Arnaud Maggs

Works and Notes Capitales

The role of artists is often a disruptive and questioning one. We work with the world’s leading cultural institutions and pre-eminent contemporary artists on a variety of publication and exhibition projects. We also have a portfolio of clients to whom contemporary art is grounded in their business. Art represents growth, change and the anticipation of risks. It creates a link between business and society — connecting contemporary trends and distant foresight. And it means status, affiliation and distinction. Art can be currency. It signals curiosity, excellence, intellectual pursuit and an international perspective. These qualities are essential for a great business.

Marc Mayer in his introduction to the Arnaud Maggs exhibition catalogue at the Power Plant wrote:

Arnaud Maggs is a major figure in modern art and a fearless aesthete. His work pushes the intellectual boundary of the photographic medium back to the very brink of science, the realm from which it came over a century and a half ago and which still maintains a sizable claim on its uses. In all likelihood, this is as far as art can go toward that heavily armed front without suffering defeat, or destroying itself categorically. Why, then, does his work look so serene? And why has this dangerous exercise been such an important project for modern art? Aside from the exhilaration of a tightrope walk that that Magg’s work has consistently offered its admirers, it shows us the clear and unmistakable difference between art and science and, consequently, why art is so important.



I first met Arnaud Maggs through Marc Mayer and Philip Monk the curator of the Power Plant, in Toronto in 1999. I shamefully recall – like when I first saw the work of Bernd and Hiller Becher – of being nonplussed, or at least oblivious to what I was looking at.

Mind you, the first work was Downwind, which to this day I still don’t think is one of Arnaud’s more powerful works. But when the envelopes of “Notification”, the Atget notebooks entitled “Repetoire”, the children’s work tags -“Travail des enfants dans l’industrie: Les etiquettes”, the Hotels signs of Paris and then the sample cases of “L’échantillonnage” unfurled before me, I was taken in entirely. I was mesmerized, entranced and fascinated by this serial Serialist. One with an eye to the detail and also the display of the whole. An artist who told stories through metaphors and symbols.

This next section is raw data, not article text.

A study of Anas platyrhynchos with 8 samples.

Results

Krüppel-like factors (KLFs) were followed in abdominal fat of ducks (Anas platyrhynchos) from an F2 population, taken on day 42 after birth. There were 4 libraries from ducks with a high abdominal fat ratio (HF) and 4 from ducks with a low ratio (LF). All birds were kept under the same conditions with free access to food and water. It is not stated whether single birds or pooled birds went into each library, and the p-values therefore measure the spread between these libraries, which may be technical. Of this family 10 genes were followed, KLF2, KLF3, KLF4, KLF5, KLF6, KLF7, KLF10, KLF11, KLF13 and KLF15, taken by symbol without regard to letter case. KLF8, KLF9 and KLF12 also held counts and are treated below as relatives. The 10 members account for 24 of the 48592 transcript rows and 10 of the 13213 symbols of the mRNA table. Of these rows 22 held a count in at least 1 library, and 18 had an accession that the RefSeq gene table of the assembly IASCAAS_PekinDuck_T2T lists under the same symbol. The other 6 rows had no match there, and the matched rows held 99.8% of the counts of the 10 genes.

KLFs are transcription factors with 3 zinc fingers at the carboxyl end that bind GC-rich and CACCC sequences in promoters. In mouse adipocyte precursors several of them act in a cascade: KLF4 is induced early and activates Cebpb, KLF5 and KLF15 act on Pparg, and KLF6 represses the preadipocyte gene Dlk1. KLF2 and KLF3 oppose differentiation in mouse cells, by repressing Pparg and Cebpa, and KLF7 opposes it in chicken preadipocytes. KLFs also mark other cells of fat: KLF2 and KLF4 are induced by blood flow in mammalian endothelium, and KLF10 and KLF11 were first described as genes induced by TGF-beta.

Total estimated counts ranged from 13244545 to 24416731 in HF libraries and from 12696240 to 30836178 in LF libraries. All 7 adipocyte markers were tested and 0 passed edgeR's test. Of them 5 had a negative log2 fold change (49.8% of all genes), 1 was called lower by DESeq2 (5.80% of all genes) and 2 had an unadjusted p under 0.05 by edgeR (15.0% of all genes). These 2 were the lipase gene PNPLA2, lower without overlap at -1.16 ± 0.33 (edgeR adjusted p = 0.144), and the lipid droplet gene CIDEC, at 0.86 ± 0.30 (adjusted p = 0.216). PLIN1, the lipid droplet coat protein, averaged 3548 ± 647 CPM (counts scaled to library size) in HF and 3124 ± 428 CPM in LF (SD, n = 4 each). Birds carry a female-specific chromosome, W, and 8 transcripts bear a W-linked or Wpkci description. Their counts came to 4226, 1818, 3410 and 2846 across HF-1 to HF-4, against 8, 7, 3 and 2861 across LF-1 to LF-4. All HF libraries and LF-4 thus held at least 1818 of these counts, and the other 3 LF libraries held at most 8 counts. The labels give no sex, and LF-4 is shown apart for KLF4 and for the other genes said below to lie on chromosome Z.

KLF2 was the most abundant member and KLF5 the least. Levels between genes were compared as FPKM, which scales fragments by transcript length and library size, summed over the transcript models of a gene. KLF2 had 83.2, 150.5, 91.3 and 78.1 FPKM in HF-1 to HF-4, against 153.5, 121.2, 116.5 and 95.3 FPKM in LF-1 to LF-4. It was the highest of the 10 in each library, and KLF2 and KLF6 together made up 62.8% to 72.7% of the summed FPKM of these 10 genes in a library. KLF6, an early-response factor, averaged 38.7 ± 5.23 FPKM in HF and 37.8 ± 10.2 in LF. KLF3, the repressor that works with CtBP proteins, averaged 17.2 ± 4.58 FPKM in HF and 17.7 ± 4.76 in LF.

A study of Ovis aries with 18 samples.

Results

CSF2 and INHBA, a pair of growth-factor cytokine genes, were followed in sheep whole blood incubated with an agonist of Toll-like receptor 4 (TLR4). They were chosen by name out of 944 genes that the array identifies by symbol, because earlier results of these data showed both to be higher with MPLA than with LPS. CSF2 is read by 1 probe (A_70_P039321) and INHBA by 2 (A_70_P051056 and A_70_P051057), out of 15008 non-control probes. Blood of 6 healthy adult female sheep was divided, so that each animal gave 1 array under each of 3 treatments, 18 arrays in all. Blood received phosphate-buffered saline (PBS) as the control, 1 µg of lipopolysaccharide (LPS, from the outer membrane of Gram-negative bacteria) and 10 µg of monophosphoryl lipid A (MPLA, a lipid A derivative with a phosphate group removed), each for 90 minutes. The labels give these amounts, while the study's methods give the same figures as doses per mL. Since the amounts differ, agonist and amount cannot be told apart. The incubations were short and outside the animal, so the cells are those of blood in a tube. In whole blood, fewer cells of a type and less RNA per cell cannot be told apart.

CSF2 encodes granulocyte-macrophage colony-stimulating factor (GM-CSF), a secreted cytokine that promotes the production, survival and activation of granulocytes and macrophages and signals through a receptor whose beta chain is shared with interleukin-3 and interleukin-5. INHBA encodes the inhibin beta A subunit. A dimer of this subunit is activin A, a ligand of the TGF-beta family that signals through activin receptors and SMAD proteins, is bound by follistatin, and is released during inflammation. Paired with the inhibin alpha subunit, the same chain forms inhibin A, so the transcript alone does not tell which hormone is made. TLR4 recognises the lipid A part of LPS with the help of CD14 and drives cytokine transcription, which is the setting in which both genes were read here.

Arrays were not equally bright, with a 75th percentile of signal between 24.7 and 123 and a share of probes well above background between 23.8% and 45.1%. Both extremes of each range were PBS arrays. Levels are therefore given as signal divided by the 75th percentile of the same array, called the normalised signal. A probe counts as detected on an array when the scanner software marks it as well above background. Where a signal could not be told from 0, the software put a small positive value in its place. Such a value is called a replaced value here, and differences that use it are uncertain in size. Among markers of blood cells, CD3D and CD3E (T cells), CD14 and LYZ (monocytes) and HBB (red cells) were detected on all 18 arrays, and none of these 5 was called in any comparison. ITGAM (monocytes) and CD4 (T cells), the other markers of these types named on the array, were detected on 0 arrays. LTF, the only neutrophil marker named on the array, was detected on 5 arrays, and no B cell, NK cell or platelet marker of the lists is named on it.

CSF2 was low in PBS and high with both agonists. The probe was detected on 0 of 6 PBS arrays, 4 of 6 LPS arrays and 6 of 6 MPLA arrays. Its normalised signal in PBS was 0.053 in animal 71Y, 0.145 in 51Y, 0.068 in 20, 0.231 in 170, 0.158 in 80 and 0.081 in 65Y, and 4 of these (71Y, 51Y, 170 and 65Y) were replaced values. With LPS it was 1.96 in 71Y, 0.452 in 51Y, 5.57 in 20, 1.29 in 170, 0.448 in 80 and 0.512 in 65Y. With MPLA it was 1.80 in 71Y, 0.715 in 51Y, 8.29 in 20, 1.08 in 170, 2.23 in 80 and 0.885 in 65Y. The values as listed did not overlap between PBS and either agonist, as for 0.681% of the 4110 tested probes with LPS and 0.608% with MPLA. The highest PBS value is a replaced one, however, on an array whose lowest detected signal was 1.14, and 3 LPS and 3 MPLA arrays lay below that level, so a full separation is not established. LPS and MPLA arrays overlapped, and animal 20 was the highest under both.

Phillip Monk writes of Maggs’ “Travail des enfants dans l’industrie: Les etiquettes”:

No more than a bundle of labels when found, “Travail des enfants dans l’industrie: Les etiquettes” unfolds a story of child-labour practices of the early twentieth century. The labels that Maggs found in Montpellier probably itemized piece-work by girls in the weaving industry. The accompanying work, “Travail des enfants dans l’industrie: Les livrets”, shows their individual passbooks, the name of Maggs’s pieces being derived from the French statute recorded on their covers. Unlike the period documents by the American photographer Lewis Hine, these works by Maggs represent a routine activity by reference to the administrative apparatus that the labouring child was a part of. This portrait exists aside from any images of the girls who did the work, and who are only known by their names – their Christian names on the tags, their surnames on their passbooks.

Monk further explains:

The tags reveal another story. In that they probably register piecework by individuals, they measure out time – the time of work and the body’s span of existence as marked by labour. More perishable than living bodies, ironically these paper ephemera are the only trace of the girl’s lives that remain, at least for us.

For the Power Plant catalogue – it designed itself really. Sara Soskolne did some requisite exquisite typography. We modified a font just for Arnaud. I think by adding the big details we added another dimension – another perspective on his work – which he appreciated.

This Catalogue – Notes Capitales, which we worked on for Arnaud after the Power Plant exhibition was based directly on a series of templates which we prepared for designers in France who faithfully used them to create the book. We reviewed the proofs, chose the images and details and corrected the details. I think it does his work justice.